Oakland Athletics: Designated Hitter By Committee Best Approach for 2016?


Up until the signing of Billy Butler last offseason, the Oakland Athletics never had an appointed designated hitter. Once Butler joined the team, he became the A’s DH for all 162 games of the season. Even though his production had been declining over the previous years, Oakland hoped a change of scenery would help Butler bounce back after being with the Kansas City Royals his entire baseball career.

Unfortunately, A’s fans saw the Butler experiment flop in 2015. His slugging dropped below .400 for the first time in his seven years in the league, his batting average went from .271 in 2014 to .251 in 2015, and his WAR fell to -0.9. Ultimately, if Butler does not pull his numbers out of the gutter this upcoming year, it would be foolish to have him fill the designated hitter position for the majority of the season.

Thus, the Oakland Athletics should go back to the designated hitter by committee approach they used in the years prior to Billy Butler. The A’s have a number of players who could fill this position, maybe not on a daily basis, but definitely from time to time. Here are some obvious options to fill the DH role:

Mark Canha – Right now, Canha’s position on the field is in limbo. Although he normally plays first base, the A’s have Yonder Alonso slotted as the starting first baseman for 2016. Additionally, the Athletics have noted that they want to see Canha play more in left field. However, with Coco Crisp, Sam Fuld, and Jake Smolinski all vying to play in that outfield position, it is likely that Canha’s playing time there will be limited.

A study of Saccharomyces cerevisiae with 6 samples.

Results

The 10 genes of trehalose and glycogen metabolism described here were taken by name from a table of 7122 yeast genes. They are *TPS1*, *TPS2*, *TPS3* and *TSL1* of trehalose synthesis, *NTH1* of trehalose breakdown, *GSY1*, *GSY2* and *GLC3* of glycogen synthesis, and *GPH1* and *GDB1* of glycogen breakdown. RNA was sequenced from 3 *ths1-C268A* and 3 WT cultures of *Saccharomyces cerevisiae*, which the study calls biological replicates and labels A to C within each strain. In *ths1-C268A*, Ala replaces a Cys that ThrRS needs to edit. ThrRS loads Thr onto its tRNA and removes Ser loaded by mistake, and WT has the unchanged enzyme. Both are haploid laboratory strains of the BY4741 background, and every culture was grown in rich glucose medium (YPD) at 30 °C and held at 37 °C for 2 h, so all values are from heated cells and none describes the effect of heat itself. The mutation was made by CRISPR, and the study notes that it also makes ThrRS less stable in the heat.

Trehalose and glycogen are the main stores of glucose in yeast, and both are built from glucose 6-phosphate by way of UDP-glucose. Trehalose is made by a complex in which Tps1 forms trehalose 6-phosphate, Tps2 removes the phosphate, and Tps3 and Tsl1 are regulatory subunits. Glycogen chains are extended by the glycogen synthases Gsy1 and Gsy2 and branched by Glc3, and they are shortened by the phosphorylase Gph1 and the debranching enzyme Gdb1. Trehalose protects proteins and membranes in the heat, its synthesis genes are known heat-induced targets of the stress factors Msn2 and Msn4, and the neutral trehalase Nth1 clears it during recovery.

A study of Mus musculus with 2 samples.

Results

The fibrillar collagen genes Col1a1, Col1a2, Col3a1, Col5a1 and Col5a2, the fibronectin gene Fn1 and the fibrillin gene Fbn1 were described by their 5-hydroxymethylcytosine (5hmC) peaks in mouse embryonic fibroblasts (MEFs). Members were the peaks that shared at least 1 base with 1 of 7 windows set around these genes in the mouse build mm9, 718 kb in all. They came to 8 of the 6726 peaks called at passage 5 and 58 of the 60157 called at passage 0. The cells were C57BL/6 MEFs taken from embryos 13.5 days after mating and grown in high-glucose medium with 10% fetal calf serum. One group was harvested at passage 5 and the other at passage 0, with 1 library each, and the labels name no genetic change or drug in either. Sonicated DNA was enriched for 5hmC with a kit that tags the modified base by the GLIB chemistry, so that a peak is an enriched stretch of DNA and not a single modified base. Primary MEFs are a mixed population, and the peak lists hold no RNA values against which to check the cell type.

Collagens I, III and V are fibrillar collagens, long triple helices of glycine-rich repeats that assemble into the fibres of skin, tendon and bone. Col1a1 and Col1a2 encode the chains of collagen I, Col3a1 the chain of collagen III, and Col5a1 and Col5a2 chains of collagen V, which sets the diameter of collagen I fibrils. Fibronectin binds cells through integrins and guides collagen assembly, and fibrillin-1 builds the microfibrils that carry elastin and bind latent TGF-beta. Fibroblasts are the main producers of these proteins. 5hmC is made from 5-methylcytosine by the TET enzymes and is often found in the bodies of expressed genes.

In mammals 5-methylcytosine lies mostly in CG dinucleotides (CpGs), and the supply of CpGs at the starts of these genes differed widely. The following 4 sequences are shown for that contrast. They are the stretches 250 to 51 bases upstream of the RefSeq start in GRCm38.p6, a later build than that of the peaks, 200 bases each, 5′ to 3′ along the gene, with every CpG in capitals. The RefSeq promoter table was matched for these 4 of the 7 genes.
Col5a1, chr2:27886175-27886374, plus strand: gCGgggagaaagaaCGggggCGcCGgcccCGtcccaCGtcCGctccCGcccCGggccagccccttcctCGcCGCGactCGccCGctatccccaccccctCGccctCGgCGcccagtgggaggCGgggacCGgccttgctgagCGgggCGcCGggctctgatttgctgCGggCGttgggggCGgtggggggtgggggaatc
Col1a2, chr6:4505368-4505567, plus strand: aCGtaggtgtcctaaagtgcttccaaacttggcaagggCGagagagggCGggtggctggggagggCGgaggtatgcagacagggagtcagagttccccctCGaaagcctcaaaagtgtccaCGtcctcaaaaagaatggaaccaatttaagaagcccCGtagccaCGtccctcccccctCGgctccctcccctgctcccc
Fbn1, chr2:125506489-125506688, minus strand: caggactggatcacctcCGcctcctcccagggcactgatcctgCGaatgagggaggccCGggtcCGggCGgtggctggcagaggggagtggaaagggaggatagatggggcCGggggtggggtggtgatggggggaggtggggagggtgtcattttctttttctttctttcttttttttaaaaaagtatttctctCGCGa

Even though Canha’s offensive numbers were not great during the first half of the season, he really excelled during the second part of the year after overcoming a mysterious respiratory illness. From August to October, he batted over .300 with 37 RBI and eight home runs in just 59 games played. If Canha can produce the same numbers he did during the last few months of the 2015 season, he could be a good candidate to fill the designated hitter role.

Stephen Vogt – Vogt is no stranger to the designated hitter role. In 2014, Vogt dealt with a foot injury that limited his playing time as a catcher. Thus, he played numerous positions like first base, left field, and was the designated hitter for some time. Additionally, he DH’d for the A’s for eight games in 2015.

This past season, Vogt proved that he can have a power bat. His offensive success during the first half of the season landed him on the American League All Star team. Additionally, since Josh Phegley has proven that he can be a reliable catcher for the Oakland Athletics, it would not be detrimental to have Vogt as the DH from time to time.

Coco Crisp – Because of Crisp’s chronic neck problem, it is unlikely he will be spending much time in the outfield. It seems as though every time Crisp plays in the outfield, he re-injures himself and ultimately lands on the disabled list. However, when Crisp is healthy, he is known as the catalyst at the top of the lineup.

If Crisp is slotted into the designated hitter spot in the lineup, this could potentially keep him off of the DL. Additionally, he would hopefully provide an offensive spark on a consistent basis. Think about Crisp and Billy Burns as one and two in the daily lineup? Having these two at the top of the lineup could really improve the Athletics’ overall on base percentage as a team.